Mike Magrann (vocals, guitar), Kimm Gardner (guitar), Larry Kelley (bass), Mike Burton (drums)
Channel 3 originated in the suburban gateway community of Cerritos in South Los Angeles, an area traditionally associated with dairy produce, in 1980. They were formed as a consequence of Magrann and Gardener’s friendship, which dated back to the second grade. As Magrann later acknowledged: “Channel 3 was a band formed around friendships. If we weren’t playing guitars together, we’d probably be bowling or robbing Laundromats together.” By the advent of high school, they were frequent visitors to Hollywood, catching LA punk legends at the Whiskey and Starwood. But they were equally influenced by traditional rock ‘n’ roll (they regularly covered the Who’s ‘My Generation’) and Brit-punk (999, the Clash etc). Their songs too betrayed a less ‘literal’ punk rock schematic, with lyrics penned by Magrann, an English major, while both friends would attend Long Beach State University (‘We are influenced by Hemingway!’, Magrann once spluttered to Flipside fanzine).
With Kelley and Burton, the most permanent of four early drummers, providing the rhythm section, their first demo tape was passed to Robbie Fields of Posh Boy Records via Cathy Conway, a mutual friend. It led to a contract before they’d played their first gig proper at the Cuckoo’s Nest. “You gotta admit, the man has an ear for new things!” Magrann later told Punk Fix. “Just being on the label in those days would guarantee a certain amount sold, and the ability to tour, which is what we loved.” For Field’s part, he saw Channel 3 as natural successors to the departed TSOL. “In those heady days of early ’81,” he wrote on the Posh Boy website, “it was as if there was gold lying in the street just waiting to be picked up.” Channel 3’s first release was an eponymous 12-inch EP in 1981 that comprised re-recordings of those demo tracks. Taken from it, ‘Manzanar’, which raged at the treatment of American citizens of Japanese origin in the Second World War (Magrann’s mother suffered at the titular internment camp), was played heavily by premier UK tastemaker John Peel. Released in the UK by esteemed second wave punk label No Future as part of the ‘I’ve Got A Gun’ EP, it is arguably the finest recording to grace the imprint. The sheer coiled musicality and tension of all three tracks was in stark contrast to a third wave of punk that seemed listless and shambolic in comparison. “The European popularity was a complete surprise to us,” Magrann told me in 2002. “We started receiving fan mail from the UK before we were even aware of the No Future release. We were puzzled as to why we connected with the British folk, but our sound was always closer to classic ’77 punk than the hardcore SoCal (South California) skate sound of our peers.”
Fields then asked them to record a full-length album, Fear Of Life. Tracks like ‘You Make Me Feel Cheap’, with its peppy female backing and poppy arrangement, ostensibly betrayed inclinations towards securing a more mainstream audience. But, as outlined in Mike’s piece elsewhere, it’s Fields who has to take the credit. He co-wrote the female vocal sung by DJ Rodney Bingenheimer’s girlfriend Maria Montoya which turned the song from garage rock into Motown junk, the Vandellas meets the Vandals. “Kimm and Mike were still willing to listen at this stage of their relationship with Posh Boy,” Fields, never knowingly undersold, later reflected. After The Lights Go Out was a more ‘mature’ effort, though interest in the UK had by now dissipated, whilst other former supporters were perturbed by the inclusion of the Rolling Stones’ ‘Stupid Girl’ and a shift away from the group’s .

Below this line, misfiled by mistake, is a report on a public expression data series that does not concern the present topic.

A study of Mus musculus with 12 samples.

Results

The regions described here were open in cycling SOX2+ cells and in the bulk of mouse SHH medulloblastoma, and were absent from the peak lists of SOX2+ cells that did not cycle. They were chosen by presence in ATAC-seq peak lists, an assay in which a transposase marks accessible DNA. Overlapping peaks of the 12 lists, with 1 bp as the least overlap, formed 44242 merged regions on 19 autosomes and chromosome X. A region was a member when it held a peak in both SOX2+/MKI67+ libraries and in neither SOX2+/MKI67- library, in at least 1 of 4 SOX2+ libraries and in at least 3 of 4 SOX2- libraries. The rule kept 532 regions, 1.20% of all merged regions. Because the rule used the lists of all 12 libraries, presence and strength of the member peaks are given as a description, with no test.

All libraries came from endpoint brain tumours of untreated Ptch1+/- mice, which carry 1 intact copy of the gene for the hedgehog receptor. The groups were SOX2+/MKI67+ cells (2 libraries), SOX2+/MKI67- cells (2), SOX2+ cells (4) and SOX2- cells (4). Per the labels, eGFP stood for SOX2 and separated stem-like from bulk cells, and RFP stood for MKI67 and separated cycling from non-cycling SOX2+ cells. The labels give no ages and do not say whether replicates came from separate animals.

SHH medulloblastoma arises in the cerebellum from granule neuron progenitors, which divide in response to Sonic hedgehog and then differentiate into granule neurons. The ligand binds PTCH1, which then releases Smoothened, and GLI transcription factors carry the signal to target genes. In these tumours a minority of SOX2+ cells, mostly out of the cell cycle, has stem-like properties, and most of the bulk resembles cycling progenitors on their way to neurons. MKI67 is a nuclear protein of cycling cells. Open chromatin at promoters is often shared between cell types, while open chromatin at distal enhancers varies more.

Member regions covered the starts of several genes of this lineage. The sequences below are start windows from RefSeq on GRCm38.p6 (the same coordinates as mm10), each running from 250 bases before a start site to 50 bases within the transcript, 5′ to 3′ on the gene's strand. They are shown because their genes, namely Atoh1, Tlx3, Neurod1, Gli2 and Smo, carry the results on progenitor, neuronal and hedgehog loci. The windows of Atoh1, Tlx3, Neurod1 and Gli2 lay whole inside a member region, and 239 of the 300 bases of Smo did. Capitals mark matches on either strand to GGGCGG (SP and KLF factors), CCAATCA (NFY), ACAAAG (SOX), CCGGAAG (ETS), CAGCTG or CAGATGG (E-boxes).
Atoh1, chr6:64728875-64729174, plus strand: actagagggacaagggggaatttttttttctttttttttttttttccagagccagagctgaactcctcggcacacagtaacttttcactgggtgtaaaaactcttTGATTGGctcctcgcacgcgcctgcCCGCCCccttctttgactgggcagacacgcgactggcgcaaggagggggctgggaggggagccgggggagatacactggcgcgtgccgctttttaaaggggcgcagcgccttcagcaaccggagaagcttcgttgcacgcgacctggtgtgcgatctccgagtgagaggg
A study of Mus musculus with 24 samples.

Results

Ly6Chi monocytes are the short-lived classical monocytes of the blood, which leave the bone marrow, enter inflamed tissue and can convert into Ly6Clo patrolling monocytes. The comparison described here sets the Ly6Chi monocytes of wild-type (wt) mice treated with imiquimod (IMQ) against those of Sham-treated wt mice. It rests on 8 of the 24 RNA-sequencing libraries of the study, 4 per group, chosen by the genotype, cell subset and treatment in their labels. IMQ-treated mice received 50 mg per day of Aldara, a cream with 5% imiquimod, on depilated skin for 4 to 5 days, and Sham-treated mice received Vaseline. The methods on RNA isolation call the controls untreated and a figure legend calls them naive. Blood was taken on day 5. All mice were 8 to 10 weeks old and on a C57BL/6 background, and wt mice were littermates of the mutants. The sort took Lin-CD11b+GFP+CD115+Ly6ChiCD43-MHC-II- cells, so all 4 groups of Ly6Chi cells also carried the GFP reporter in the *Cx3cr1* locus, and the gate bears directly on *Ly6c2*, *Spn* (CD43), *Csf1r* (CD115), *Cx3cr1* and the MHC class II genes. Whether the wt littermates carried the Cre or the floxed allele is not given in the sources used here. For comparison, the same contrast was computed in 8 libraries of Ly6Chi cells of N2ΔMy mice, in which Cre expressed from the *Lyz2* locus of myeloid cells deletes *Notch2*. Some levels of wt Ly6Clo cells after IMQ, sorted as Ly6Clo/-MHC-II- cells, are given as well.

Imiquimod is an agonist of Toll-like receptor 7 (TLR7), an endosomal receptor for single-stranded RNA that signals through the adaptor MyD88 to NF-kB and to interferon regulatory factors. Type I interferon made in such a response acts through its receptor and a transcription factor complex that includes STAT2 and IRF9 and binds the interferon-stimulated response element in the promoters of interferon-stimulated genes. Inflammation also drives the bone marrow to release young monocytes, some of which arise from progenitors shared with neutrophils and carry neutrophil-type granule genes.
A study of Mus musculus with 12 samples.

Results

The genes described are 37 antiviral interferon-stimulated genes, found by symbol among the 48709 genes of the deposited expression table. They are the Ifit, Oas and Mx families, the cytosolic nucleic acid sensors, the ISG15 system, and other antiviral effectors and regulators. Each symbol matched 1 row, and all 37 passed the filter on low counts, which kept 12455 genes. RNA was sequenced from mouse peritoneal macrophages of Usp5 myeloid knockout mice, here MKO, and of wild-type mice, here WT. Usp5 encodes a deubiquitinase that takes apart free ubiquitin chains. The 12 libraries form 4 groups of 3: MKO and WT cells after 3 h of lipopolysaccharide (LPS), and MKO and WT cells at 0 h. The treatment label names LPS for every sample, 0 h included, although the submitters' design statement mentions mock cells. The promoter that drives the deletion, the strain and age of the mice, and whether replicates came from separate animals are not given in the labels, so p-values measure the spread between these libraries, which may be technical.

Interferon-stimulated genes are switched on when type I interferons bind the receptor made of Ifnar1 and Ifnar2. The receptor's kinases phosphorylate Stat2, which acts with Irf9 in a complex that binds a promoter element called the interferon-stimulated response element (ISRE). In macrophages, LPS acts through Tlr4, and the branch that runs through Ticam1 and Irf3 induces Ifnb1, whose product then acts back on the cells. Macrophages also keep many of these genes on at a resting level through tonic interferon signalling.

Jay Lansford (ex-Stepmothers and Posh Boy production intern) joined on bass for the 1983 tour in support of After The Lights Go Out, and was present also for Airborne, as Channel 3 were scooped up, alongside peers TSOL, by Enigma. But they got lost in the shuffle after Capitol bought the label out. Despite three of the four tracks being co-written with Lansford and an accomplished attempt to renovate their sound, featuring folky harmonica in parts, it alienated their traditional fanbase. They did, however, get to play support sets to the Red Hot Chili Peppers, and had Jane’s Addiction open for them. Last Time I Drank moved in a more trad-rock direction, signposted by their cover version of Aerosmith’s ‘Lord Of The Thighs’. This time, as the band’s arch online biography noted, the record even had saxophones on. Ignore the appropriately titled Rejected, almost immediately disowned by the group. The band returned to action in the 90s, their first European show resulting in the release of a live album by German label Lost & Found in 1994. But the album you should really check out is 2002’s Channel 3 release on Doctor Strange, which is far more in keeping with the band that recorded these classic, bratty punk rock tunes.
And they have continued to gig, with a current line-up seeing Magrann and Gardner joined by Anthony Thompson (bass) and Alf ‘Fredo’ Silva (drums). Magrann, again in 2002: “Unbelievably, we’re playing to more receptive crowds than ever, finally getting some punk rock respect, damn it! We kept a purposefully low profile in the 90s, though we still practiced and wrote, and the timing all seemed to come together for the new push. Sure, we hear a few grumblings about all the old man bands trying to cash in, but believe me, the money is not at a motivating level - it’s a cliche, but we’ll do it till it ain’t fun.”